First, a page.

Interoperability Still Hurdle for Healthcare IT
Healthcare providers are often blamed with slowing down the industry’s technological adoption by being sluggish in picking up the latest tools. But Linda M. Girgis, a physician with Girgis Family Practice, has asked the question, “Is the technology being offered worth adapting to?”
The ultimate goal when healthcare IT providers talk about electronic health records can be narrowed down to one word: interoperability. With it, doctors and nurses would be able to access patient data from any device on any system.
But after trying to interface her electronic health records (EHR) software with her website for eight months, Girgis says in an article for Healthcare Technology Online “the reality is the technology is just not there yet. In my own practice, I have struggled to make my own systems interoperable.”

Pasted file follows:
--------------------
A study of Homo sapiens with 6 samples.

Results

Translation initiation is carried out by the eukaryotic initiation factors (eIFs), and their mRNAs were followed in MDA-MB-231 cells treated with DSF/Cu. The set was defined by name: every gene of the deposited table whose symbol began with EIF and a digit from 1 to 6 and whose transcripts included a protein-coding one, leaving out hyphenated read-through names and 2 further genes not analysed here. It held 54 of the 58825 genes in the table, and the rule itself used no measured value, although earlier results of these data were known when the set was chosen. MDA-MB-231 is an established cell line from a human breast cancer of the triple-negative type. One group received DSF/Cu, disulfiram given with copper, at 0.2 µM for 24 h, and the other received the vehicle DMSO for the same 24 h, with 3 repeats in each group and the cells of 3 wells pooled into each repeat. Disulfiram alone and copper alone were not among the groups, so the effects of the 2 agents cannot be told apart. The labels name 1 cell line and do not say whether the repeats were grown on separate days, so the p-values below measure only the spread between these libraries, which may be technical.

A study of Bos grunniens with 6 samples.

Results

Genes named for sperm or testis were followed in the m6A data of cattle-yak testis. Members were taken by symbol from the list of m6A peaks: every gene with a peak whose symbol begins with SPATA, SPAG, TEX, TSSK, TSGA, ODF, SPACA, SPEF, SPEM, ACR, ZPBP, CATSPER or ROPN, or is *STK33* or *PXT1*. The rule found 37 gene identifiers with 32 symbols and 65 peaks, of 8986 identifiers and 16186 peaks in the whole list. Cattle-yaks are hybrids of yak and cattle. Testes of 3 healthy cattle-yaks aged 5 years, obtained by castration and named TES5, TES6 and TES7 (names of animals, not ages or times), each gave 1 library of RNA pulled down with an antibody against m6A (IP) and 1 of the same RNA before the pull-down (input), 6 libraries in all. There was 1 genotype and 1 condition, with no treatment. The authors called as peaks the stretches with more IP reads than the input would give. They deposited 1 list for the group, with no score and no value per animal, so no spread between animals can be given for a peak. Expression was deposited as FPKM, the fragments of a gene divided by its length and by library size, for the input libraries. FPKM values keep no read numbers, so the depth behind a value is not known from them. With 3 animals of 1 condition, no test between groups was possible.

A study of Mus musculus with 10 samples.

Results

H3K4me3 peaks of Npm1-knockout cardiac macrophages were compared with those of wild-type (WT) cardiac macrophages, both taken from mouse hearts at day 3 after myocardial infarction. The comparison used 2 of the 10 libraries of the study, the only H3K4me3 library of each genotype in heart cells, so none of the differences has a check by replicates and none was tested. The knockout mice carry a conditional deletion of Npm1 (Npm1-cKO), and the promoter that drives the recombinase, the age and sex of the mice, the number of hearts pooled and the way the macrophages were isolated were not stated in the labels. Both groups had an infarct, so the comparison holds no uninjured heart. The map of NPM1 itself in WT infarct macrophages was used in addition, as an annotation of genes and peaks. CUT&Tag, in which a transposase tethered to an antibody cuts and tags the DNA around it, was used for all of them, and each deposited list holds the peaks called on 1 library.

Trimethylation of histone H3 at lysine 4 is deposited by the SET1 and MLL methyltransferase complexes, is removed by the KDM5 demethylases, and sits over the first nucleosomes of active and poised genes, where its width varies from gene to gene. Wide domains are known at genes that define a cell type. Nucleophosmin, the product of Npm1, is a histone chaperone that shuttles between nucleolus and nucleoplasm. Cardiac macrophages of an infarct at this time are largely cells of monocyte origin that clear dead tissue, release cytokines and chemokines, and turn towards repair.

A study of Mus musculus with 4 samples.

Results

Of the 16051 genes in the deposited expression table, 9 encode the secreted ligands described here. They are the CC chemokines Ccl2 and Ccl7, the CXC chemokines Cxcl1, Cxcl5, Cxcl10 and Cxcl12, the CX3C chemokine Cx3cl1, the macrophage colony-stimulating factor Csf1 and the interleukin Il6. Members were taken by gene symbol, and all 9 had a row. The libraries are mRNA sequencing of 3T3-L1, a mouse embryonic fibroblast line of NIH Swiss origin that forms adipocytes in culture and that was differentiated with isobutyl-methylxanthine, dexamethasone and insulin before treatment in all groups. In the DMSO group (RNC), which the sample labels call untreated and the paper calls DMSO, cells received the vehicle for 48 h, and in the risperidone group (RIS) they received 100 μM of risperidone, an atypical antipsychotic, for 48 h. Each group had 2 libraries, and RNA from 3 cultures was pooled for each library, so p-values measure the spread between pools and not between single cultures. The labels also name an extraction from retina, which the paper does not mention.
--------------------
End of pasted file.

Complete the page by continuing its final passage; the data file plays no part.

Part of the problem, she explains, is that the inability to interface with the patient portal wastes time and increases the likelihood that patient information could be entered into the wrong chart.
While Girgis says that the EHR has managed to interface with two large labs (Quest and Labcorp), smaller labs have tried and failed to do the same. Nearby hospitals and radiology facilities have the same trouble, so Girgis has to log into the individual websites, download test results and paste them into a patient’s chart.
The result, she says, is that patients are often left in the dark for too long while test results are in a queue waiting to be filed.
Although Girgis didn’t name her EHR provider, she did note that despite the eight-month waiting period, whenever she or her staff call the support line, they are told that their interfacing is first on their priority list, although they cannot estimate when the interfacing will be completed.
“As it stands now, there are numerous EHR vendors out there making it overwhelmingly difficult for a provider to know which one is best,” Girgis says. “For now, we have to wait for the technology to catch up to our aspirations. But once this happens, the ability to interface and communicate between systems will make us more efficient and save time, freeing us up to spend more time with our patients. It also should decrease the risk of results being misfiled.”